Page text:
And, the Ben Simmons saga churns on.

Good morning, good people. You’re reading The Inquirer Morning Newsletter, catching you up on all the news that’s fit to email. Today we look at The Inquirer Editorial Board’s picks for the 2021 elections, explore the unending Ben Simmons saga, and dig into the relationships between state lawmakers and recipients of public contracts.

We’d love to know what you think. Send a reply to this email, and let’s start a conversation.

— Tommy Rowan (@tommyrowan,

The 2021 general election is on Nov. 2.

But who’s running? And whom should you vote for?

The Inquirer’s Editorial Board, which operates independently from the newsroom, vetted candidates in key races across the state, including for Philly district attorney and the Pennsylvania Supreme Court, to help you decide.

Each election cycle the board makes endorsements to help readers understand where candidates stand on issues and why its members think voters should support (or not support) a particular candidate. The board does its own reporting and hosts meetings with candidates. The board tries to cover as many races as it can, with an aim toward helping you make up your mind when you fill out your ballot.

Here are its choices for 2021.

On Monday, Ben Simmons took a COVID-19 test in the Wells Fargo Center parking lot upon his return to Philadelphia after spending the summer in the Los Angeles area.

On Tuesday, the three-time All-Star point guard took the required physical for the Sixers. He also met with the team brass at the Sixers’ practice facility.

So, seemingly, he is taking steps to return to the court. But whether or not he will be suiting up as a 76er is still unsettled.

And even if he suits up, will his Sixers teammates welcome him back?

Read the latest update on the never-ending saga. And then read columnist Marcus Hayes’ column from yesterday. He nailed it.

What you need to know today

  1. A host of politically connected law firms are pouring millions of dollars into the campaigns of Pennsylvania legislators, who in turn hire those firms for all types of legal matters on the taxpayer’s dime — and it happens with little public scrutiny.

  2. The bankrupt Roman Catholic Diocese of Camden made a new offer to sex-abuse survivors that averages to about $81,000 to each victim of clergy sexual abuse. The offer has outraged the lawyers of the survivors.

  3. The start of the second week of John “Johnny Doc” Dougherty’s federal bribery trial saw testimony from the former head of Philadelphia’s Department of Licenses & Inspections, who claimed the labor leader threatened to “have [him] replaced.”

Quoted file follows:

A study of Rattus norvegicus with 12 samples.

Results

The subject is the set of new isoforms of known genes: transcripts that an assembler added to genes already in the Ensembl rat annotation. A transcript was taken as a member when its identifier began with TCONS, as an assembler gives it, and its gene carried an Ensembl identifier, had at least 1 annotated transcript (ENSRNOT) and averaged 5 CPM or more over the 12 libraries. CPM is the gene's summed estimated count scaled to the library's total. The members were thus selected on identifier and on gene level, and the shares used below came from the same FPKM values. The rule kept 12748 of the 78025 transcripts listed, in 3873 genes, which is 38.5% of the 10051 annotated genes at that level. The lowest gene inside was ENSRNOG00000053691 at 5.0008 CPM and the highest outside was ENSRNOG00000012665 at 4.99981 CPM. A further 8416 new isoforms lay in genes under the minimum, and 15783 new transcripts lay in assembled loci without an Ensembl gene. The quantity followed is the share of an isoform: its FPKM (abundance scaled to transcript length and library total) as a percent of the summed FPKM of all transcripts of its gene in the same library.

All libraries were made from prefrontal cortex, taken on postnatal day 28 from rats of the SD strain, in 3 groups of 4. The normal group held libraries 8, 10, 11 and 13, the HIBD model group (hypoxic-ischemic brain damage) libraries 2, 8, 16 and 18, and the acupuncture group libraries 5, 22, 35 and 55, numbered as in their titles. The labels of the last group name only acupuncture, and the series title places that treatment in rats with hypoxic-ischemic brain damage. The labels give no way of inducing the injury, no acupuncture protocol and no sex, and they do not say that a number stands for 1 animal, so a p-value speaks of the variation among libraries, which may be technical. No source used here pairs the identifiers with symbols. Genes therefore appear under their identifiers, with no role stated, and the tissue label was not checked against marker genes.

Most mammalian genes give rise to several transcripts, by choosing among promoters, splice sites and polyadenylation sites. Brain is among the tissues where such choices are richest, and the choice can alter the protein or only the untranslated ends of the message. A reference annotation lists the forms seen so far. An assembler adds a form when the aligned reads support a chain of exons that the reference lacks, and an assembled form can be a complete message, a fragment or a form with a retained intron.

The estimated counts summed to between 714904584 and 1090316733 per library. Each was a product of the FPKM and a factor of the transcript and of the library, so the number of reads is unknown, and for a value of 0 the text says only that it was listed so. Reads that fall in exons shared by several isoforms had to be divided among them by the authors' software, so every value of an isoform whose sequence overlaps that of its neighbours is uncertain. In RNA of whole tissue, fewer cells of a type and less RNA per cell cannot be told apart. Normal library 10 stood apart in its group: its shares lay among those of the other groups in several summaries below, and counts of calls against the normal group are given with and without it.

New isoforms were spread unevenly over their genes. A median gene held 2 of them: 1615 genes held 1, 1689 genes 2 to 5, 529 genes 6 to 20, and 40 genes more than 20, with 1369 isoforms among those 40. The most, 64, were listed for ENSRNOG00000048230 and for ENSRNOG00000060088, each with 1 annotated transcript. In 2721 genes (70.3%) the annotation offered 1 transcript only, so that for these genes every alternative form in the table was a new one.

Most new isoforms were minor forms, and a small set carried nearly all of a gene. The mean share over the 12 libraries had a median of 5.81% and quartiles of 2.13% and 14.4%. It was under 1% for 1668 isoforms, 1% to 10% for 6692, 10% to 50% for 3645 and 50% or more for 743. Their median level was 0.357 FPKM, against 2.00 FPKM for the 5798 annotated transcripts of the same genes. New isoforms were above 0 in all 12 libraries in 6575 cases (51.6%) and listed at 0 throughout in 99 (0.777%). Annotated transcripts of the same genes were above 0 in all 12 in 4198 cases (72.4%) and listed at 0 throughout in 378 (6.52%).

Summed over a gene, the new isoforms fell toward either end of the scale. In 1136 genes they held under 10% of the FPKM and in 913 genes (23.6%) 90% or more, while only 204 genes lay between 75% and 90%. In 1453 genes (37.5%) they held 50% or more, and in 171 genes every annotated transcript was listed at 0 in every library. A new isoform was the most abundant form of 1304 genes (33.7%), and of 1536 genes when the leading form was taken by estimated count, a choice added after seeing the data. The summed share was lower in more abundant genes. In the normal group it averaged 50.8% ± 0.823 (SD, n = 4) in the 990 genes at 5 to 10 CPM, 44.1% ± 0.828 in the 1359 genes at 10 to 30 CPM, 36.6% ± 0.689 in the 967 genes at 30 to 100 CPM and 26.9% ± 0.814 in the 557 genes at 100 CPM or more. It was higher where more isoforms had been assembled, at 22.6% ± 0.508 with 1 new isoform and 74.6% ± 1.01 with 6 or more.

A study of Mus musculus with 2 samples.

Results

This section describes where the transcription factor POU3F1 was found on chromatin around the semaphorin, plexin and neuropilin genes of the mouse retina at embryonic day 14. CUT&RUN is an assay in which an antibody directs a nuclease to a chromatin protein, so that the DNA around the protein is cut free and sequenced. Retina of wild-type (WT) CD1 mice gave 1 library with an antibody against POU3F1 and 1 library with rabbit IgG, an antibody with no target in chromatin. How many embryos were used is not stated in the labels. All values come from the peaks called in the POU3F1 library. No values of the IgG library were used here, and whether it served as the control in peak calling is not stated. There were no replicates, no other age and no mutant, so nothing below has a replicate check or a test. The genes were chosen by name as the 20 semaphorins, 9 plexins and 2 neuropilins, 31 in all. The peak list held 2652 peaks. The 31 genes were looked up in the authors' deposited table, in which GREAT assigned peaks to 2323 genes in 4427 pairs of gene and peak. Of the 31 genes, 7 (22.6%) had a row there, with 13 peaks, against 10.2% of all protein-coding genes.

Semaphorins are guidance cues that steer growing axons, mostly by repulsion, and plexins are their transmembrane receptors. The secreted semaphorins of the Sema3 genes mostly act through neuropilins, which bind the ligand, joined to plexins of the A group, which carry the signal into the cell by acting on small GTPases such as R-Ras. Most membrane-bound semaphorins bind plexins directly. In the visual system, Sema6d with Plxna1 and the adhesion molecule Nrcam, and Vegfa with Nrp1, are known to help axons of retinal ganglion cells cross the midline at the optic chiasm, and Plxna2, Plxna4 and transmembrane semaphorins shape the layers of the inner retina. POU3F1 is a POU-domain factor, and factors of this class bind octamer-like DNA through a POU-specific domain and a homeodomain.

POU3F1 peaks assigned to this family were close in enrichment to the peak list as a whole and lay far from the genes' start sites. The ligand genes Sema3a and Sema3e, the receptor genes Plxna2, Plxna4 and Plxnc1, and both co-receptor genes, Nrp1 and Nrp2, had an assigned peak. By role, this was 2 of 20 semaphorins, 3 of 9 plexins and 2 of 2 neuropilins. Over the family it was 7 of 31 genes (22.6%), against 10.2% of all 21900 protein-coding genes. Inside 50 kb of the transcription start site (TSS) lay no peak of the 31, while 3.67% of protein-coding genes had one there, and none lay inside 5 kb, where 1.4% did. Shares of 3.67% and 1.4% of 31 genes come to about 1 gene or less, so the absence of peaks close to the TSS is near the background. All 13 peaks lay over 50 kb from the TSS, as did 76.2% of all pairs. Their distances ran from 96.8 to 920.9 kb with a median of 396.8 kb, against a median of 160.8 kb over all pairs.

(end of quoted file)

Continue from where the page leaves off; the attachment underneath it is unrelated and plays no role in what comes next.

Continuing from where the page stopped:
4. City officials on Tuesday rebuffed a request by a nursing home trade group for a deadline extension to have all staff at least partially vaccinated against COVID-19.

  5. A former Bucks County police officer is on trial for allegedly using a police database to threaten a motorist.

Through your eyes | #OurPhilly

Life is finding a way.

Tag your Instagram posts with #OurPhilly, and we’ll pick our favorite each day to feature here and give you a shout-out.

That's interesting

🚗 In a town known for its aggressive parking-violation enforcement (there was even a TV show!), here’s a guide to parking for cheap or free in Philadelphia.

🏌️ The pandemic has reversed the declining popularity of golf. So there’s that.

🏒 The Wells Fargo Center has revamped the arena’s code of conduct to include a zero-tolerance policy for racial or other identity-based slurs, becoming the first in the NHL to do so.


“In a system where one of the league’s most prominent leaders freely spouts hate, it’s clear that there are those in positions of power who don’t mind racism, homophobia, and misogyny,” writes columnist Solomon Jones, arguing that Jon Gruden’s departure from the Las Vegas Raiders means little when it comes to addressing the NFL’s tortured history.

  1. Rebecca Poyourow, a committeeperson in the 21st Ward, wants a ballot drop box in every neighborhood in Philly. The city’s goal, she writes, should be encouraging voter participation, and making voters drive around the city or spend extra hours on the bus does the opposite.

  2. While you’re here: Do you have an opinion of your own? Read up on how to submit your point of view to the opinion editors.

What we're reading

  1. In the New Yorker, a look at our decade-thinking tendencies, and our need to compare various generations. Is it a helpful way to understand anything?

  2. In the Washington Post, if the idea of being terrified in the woods sounds right up your alley, check out these eight terrifying (and allegedly haunted) American campsites.